Murdoch researchers share in over $1.8m in funding to fight MS

Last update on March 16, 2016.

Comparative Genomics were among the 24 recipients who shared in $1.834 million in new research funding

awarded by MS Research Australia.

Two researchers, Professor Steve Wilton and Dr Rakesh Veedu from Murdoch University’s Centre for Comparative Genomics were among the 24 recipients who shared in $1.834 million in new research funding awarded by MS Research Australia.

Professor Wilton received a project grant for $50,000 and will investigate a new method to suppress target genes as a treatment option for multiple sclerosis (MS). Dr Veedu will use his $25,000 incubator grant to develop a new method for drug delivery to improve side effect profiles of MS treatments.

MS is a life-long chronic inflammatory and degenerative disorder of the central nervous system caused by an autoimmune process. There is currently no cure for MS.

Professor Wilton’s project aims to validate alternative drugs to suppress inflammation. “Patients with MS are currently prescribed with disease modifying drugs to reduce inflammation in the central nervous system. However the side effects associated with these drugs raises safety concerns,” he said.

“In addition to inflammation, patients with MS also suffer neuronal damage. Although there are disease-modifying drugs that modulate the immune system, these do not reverse the damage that has occurred in the brain and spinal cord.

“We must find methods to promote the restoration of nerve function in these areas.” Dr Rakesh said the key goal of modern MS drug development is to design agents that selectively deliver the therapeutic cargo to relevant disease-specific sites within the body, to maximise efficacy and minimise toxicity and adverse side effects.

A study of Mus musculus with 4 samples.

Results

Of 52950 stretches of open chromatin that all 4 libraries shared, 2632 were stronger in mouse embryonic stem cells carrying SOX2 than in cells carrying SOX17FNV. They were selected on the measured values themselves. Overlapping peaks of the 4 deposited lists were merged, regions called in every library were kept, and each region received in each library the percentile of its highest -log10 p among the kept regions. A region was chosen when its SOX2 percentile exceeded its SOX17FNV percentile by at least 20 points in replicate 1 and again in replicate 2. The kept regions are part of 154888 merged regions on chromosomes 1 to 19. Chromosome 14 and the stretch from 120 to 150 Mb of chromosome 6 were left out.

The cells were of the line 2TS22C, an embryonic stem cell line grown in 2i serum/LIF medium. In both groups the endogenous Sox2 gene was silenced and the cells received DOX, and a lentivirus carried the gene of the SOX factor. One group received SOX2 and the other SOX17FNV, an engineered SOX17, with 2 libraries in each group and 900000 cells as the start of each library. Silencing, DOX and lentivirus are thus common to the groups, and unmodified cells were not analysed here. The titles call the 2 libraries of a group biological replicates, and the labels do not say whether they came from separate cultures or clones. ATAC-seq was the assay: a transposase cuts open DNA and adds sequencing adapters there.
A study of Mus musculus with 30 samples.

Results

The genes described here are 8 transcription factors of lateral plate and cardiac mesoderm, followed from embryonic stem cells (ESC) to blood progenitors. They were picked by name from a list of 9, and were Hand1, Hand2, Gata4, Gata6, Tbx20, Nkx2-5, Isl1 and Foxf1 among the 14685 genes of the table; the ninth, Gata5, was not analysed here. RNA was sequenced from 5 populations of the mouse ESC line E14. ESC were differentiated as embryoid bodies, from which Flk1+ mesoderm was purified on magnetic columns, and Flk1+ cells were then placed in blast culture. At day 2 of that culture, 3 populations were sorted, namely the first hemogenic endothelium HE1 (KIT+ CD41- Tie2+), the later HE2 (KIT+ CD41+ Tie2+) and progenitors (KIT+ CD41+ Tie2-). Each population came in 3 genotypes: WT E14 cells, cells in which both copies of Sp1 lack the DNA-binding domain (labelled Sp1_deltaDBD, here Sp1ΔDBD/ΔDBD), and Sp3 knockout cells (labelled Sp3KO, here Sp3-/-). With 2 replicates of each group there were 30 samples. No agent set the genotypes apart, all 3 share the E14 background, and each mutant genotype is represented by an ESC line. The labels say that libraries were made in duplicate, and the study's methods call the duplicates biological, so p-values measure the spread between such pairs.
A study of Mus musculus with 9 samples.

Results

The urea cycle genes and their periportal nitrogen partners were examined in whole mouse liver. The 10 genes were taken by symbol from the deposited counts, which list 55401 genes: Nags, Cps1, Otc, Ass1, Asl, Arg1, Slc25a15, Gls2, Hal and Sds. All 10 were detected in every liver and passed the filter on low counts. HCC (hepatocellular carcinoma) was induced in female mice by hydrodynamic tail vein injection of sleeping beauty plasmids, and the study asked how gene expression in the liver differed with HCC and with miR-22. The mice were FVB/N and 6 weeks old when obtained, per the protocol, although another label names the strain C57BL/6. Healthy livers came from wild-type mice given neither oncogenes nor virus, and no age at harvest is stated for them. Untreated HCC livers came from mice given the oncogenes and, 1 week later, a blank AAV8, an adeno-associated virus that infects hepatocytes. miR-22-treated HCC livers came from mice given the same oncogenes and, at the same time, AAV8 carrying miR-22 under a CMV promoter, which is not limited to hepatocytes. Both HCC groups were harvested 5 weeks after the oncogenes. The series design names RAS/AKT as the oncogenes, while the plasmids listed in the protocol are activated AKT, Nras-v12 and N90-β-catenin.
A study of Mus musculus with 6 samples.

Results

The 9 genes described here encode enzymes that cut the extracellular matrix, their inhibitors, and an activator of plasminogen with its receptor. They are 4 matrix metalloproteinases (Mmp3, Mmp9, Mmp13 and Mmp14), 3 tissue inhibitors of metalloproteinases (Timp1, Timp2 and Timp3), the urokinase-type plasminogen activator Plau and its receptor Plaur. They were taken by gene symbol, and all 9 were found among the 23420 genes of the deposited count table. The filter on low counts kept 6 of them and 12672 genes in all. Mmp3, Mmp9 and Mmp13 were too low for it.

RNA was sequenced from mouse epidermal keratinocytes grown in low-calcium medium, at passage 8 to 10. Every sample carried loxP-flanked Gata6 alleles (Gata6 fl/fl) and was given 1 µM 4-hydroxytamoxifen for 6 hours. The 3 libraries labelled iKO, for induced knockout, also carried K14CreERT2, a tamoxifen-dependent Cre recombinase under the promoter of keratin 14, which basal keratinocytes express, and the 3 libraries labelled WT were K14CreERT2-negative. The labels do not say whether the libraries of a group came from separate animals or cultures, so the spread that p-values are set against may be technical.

“Current treatment include drugs which have been shown to reduce relapse rates, however there is still a number of unresolved issues associated with these agents including long-term side effects,” he said.

“This project will develop highly innovative chemically-modified DNA enzymes for target specific inhibition of cell receptors and deliver specifically to T-cells using chemically-modified agents for tackling inflammation in MS.

“This method will be a safer approach to deliver target specific therapy towards the treatment of MS.

“Our technology is highly unique from the existing agents in terms of its mechanism, and the application of DNA enzymes has not been reported.”

MS Research Australia CEO Dr Matthew Miles said the organisation was pleased to be able to award competitive, peer-reviewed grants such as this to Murdoch University researchers. These grants received funding support from the MS Society of WA working in partnership with MS Research Australia.

“These important projects are working towards better treatments for the 23,000 people living with MS in Australia and over 2.3 million around the world,” he said.

MS Research Australia is a mission-driven national organisation that is dedicated to finding preventative strategies, better treatments, and cures for MS.